In what now seems eons ago, I published a piece on CNET called “The Metaphysics of VoIP.” Actually, the piece was published in January 2004 -- eons ago in telecom time, but short of four years by the Gregorian calendar.
The main point of the essay was to suggest that regulation of the then-emerging VoIP services likely would turn on regulatory classifications at once arcane and, yes, metaphysical, such as the difference between “telecommunications” and “information” services. Without going on and on here, metaphysics comes into play when the regulatory question turns, for example, on whether there has been, in the parlance of the telecommunications services definition, “a change in the form or content of the information sent or received.” Shortly thereafter, in October 2004, I advocated adoption of a new regulatory paradigm, one in which regulation is not tied to the “stovepipe” regime that is based on what I called “techno-functional” constructs. In “Calling for a Regulatory Overhaul, Bit by Bit,” I proposed a new market-oriented regulatory paradigm based on competitive analysis. A more extended treatment of communications metaphysics and techno-functional constructs was published in the Federal Communications Law Journal under the title, “Why Stovepipe Regulation No Longer Works: An Essay on the Need for a New Market-Oriented Communications Policy.”
Acting within the confines of the current Communications Act and under the leadership of Chairmen Michael Powell and Kevin Martin, the FCC deserves credit for adhering, for the most part, if not consistently, to what the agency calls a “minimal regulatory environment” for broadband. This generally deregulatory policy has worked well in stimulating new investment in broadband facilities. And new investment has fueled more facilities-based competition.
The musings above about metaphysical techno-functional constructs come to mind as I read reports of impending FCC actions relating to “broadband” services, possibly as early as September 11. The FCC is considering telephone company requests that various business-oriented packet-based broadband services be allowed to be offered free from common carrier regulation. According to the knowledgeable telecom analysts at Stifel Nicholaus, among the broadband services targeted for regulatory relief are “Frame Relay, Asynchronous Mode Transfer (AMT), Ethernet-based, and very-high- capacity optical networking, hubbing, and transmission level (“Ocn” level),…but not TDM (Time Division Multiplexing) services, including DS1-level (24 voice-grade equivalents) and DS3-level (672 voice grade equivalents) special access services.” According to the Stifel Nicholaus analysts, Sprint opposes the requested broadband relief on the basis that the TDM/non-TDM distinction would create a loophole that the telcos would exploit by reconfiguring their networks and rebranding their services as non-TDM. Sprint says that by seeking relief “from all but their TDM-based special access services, the [telcos] are effectively cutting off carriers from the IP-based network of the future.”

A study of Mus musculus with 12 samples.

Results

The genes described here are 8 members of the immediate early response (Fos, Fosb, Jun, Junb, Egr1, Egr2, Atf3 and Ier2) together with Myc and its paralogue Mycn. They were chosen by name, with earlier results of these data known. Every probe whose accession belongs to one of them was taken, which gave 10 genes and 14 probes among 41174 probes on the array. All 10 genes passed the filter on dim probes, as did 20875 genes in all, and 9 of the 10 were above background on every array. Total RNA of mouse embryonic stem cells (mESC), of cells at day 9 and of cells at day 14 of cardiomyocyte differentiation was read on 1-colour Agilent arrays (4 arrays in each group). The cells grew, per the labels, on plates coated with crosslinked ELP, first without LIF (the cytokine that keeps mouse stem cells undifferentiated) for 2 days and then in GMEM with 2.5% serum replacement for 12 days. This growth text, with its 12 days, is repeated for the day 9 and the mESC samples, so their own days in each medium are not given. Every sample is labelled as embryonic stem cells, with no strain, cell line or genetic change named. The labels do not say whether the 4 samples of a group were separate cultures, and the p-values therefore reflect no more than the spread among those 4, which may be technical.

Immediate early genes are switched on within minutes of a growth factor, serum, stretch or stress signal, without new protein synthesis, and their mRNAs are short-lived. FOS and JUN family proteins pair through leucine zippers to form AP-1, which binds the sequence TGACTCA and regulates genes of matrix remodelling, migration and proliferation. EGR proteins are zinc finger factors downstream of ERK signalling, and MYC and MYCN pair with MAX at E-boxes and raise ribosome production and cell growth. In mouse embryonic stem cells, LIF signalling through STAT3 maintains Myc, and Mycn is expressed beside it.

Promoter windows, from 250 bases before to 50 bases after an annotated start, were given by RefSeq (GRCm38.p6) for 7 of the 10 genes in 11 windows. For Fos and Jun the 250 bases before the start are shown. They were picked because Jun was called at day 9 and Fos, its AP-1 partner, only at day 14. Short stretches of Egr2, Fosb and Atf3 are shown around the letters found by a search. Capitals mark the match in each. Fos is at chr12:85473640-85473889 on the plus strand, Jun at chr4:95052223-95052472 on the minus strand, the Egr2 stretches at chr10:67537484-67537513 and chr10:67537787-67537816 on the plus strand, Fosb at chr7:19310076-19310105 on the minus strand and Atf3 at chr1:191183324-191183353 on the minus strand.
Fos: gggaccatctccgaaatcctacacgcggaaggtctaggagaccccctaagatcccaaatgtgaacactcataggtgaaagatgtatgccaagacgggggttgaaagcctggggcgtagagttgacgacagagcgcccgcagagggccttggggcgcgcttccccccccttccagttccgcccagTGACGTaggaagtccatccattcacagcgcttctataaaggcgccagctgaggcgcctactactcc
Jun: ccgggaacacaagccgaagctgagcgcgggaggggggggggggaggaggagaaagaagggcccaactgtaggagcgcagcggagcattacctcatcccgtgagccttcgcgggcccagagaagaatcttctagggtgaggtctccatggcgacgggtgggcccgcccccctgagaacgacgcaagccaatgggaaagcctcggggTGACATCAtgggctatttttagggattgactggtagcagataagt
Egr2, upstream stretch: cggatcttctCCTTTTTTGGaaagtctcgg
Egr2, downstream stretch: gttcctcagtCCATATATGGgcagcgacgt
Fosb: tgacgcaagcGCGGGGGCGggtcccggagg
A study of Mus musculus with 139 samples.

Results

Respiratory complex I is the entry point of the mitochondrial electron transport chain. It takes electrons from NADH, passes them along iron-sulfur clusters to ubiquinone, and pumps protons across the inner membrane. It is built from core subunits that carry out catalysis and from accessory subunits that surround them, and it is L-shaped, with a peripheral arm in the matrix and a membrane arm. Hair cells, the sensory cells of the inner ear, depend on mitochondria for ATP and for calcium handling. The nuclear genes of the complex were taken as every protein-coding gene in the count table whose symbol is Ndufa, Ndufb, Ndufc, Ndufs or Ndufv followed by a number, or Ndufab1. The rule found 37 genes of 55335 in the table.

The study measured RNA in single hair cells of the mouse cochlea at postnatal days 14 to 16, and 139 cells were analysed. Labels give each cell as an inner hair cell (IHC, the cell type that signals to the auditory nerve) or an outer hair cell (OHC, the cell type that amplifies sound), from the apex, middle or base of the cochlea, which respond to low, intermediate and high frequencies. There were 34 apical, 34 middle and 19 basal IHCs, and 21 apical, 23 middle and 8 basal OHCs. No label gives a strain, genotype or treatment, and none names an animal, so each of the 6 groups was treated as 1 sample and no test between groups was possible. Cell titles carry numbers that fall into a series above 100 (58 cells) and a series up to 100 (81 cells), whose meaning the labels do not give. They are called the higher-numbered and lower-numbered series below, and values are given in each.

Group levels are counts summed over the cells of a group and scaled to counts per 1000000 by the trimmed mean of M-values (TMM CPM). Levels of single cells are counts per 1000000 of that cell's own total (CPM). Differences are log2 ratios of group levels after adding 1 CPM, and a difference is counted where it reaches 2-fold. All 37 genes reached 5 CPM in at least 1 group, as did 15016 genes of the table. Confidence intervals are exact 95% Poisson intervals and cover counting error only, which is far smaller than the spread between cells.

The main point I want to make is this: The distinctions among the above services—as indicated by their “Frame Relay”, “AMT”, “Ethernet”, and “TDM” monikers— really are based on techno-functional constructs having little to do with marketplace realities. The decision as to whether regulatory relief is granted should be based on whether customers have choices in the marketplace for comparable services, not on whether a service provider might possibly be able to technically reconfigure a network or rebrand a service, or might be discouraged from doing so for fear of regulatory consequences.
In my view, the “business broadband” services at issue in the telcos’ request for relief are generally subject to marketplace competition, with more competition on the way, and, for that reason, should be granted regulatory relief. Because the FCC now is considering “forbearance” petitions under Section 10 of the Communications Act, the agency does not have to overly concern itself with regulatory classifications based on techno-functional constructs, or marketing brands. Marketplace competition, not metaphysics, should be the focus.
Based on its experience thus far with a “minimal regulatory environment” for broadband Internet services, most notably the success in stimulating new network investment leading to more competition, the Commission should be receptive to requests to extend regulatory relief to the broadband services used principally by large businesses and carriers. The FCC should keep broadband policy moving in a deregulatory direction.